History of the Blang

Records show that the ancestors of the Blang people can be traced back to the ancient Pu tribe who were believed to be the earliest people to settle in the Lancang and Nujiang river valleys since at least the Qin Dynasty, about 2,200 years ago. This is why they are considered (with the Wa and the Deang, with whom they share ancestry), to be one of the aboriginal peoples of southwest Yunnan.

When the Yizhou County was established in the Yunnan Province during the Han Dynasty (206BC-220AD), the Pu people were brought under the control of the Han Empire. In the Tang and Song periods (618-1279), the Pu area was governed by the Nanzhao and Dali Kingdoms, and the Pu people was called Puziman.

During the Ming Dynasty they started neglecting hunting and harvesting and took up farming. Differences between Bulang living in one region and those in another increased as some Bulang were influenced by the Han culture and others by Dai culture.


Literature from those days refers to the Blang as follows:

"They are dark-skinned and live on the mountain peaks. Clothing, weddings and funerals are as the Bai Luoluo".

"They ride horse without bridle; they walk bare-footed and are good archers".

"They live on the mountain peaks where they cultivate the land, burn the mountain and cut the trees. Every field is cultivated for several years."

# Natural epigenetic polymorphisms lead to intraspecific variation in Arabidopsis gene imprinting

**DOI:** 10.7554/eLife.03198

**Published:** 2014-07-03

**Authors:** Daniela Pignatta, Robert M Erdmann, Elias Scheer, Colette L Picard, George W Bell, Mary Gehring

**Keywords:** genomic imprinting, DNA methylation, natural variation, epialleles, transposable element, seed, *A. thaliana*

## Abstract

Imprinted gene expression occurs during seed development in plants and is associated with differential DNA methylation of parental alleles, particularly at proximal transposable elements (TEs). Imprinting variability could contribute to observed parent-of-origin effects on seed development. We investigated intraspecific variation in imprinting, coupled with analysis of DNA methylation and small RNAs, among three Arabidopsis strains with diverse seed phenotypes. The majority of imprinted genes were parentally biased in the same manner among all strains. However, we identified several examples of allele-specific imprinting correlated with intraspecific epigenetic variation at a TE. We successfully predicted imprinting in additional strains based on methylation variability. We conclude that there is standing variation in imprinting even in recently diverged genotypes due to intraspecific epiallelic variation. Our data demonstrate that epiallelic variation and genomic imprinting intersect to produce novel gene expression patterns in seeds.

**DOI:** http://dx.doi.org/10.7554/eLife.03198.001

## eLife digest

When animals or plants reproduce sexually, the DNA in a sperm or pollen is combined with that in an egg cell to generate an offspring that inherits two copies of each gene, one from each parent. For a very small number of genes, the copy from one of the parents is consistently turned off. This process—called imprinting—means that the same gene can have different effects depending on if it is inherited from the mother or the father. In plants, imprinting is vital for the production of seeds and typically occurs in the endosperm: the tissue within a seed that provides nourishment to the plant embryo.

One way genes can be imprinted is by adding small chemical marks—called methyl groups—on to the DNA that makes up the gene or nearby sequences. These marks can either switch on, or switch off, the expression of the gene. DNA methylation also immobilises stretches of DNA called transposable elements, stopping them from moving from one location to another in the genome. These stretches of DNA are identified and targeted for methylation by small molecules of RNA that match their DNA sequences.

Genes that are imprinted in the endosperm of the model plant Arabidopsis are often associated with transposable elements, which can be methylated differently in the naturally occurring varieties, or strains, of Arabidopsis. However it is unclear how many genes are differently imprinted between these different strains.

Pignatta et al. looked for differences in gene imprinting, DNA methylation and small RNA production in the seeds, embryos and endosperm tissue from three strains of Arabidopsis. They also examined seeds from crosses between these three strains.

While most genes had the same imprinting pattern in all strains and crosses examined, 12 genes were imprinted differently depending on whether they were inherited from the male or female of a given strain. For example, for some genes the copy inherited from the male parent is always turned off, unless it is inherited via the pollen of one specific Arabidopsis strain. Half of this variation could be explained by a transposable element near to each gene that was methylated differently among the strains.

During the Qing dynasty, most of the Blang had already settled in a territory roughly the same as their current location. Though nominally subdued, they stirred up revolts several times against the Tusi and the emperors. The most important uprising was in 1861, when the Blang from Mojiang joined the Hani who were already in rebellion against imperial rule. This uprising lasted for seven or eight years.

As a consequence of constant contact between the Pu tribe and the Han as well as their amalgamation into the Han state, these people gradually evolved into the present Blang group.

Before 1949, there were fairly big social differences.

In the regions of Lincang and Simao there was a strong feudal system. They had lost the previous communal ownership of the land (except for the cemeteries), and had devolved into a private property system that handed over vast amounts of land to landowners who rented it out to peasants at exorbitant rates. During the years of the Republic of China, the Bai-Jia system was introduced in this area, in order to better control the minorities living in the mountains.

In Xishuangbanna, they were still in the last stages of an earlier societal system, but also at the beginning of a rising feudalism. Their economic growth was much slower. Under Dai rule, they appointed hereditary chiefs, known as "Ba", who ruled over several small villages and collected taxes for the Tusi.

These small villages, which were made up of between 20 to 100 families, had communal property over farmlands, forests and pastures. But even though they all had the right to work the land, nobody had the right to sell any portion of the common property.

After liberation in 1949, following consultation with the ethnic group, it was officially named the Blang ethnic minority.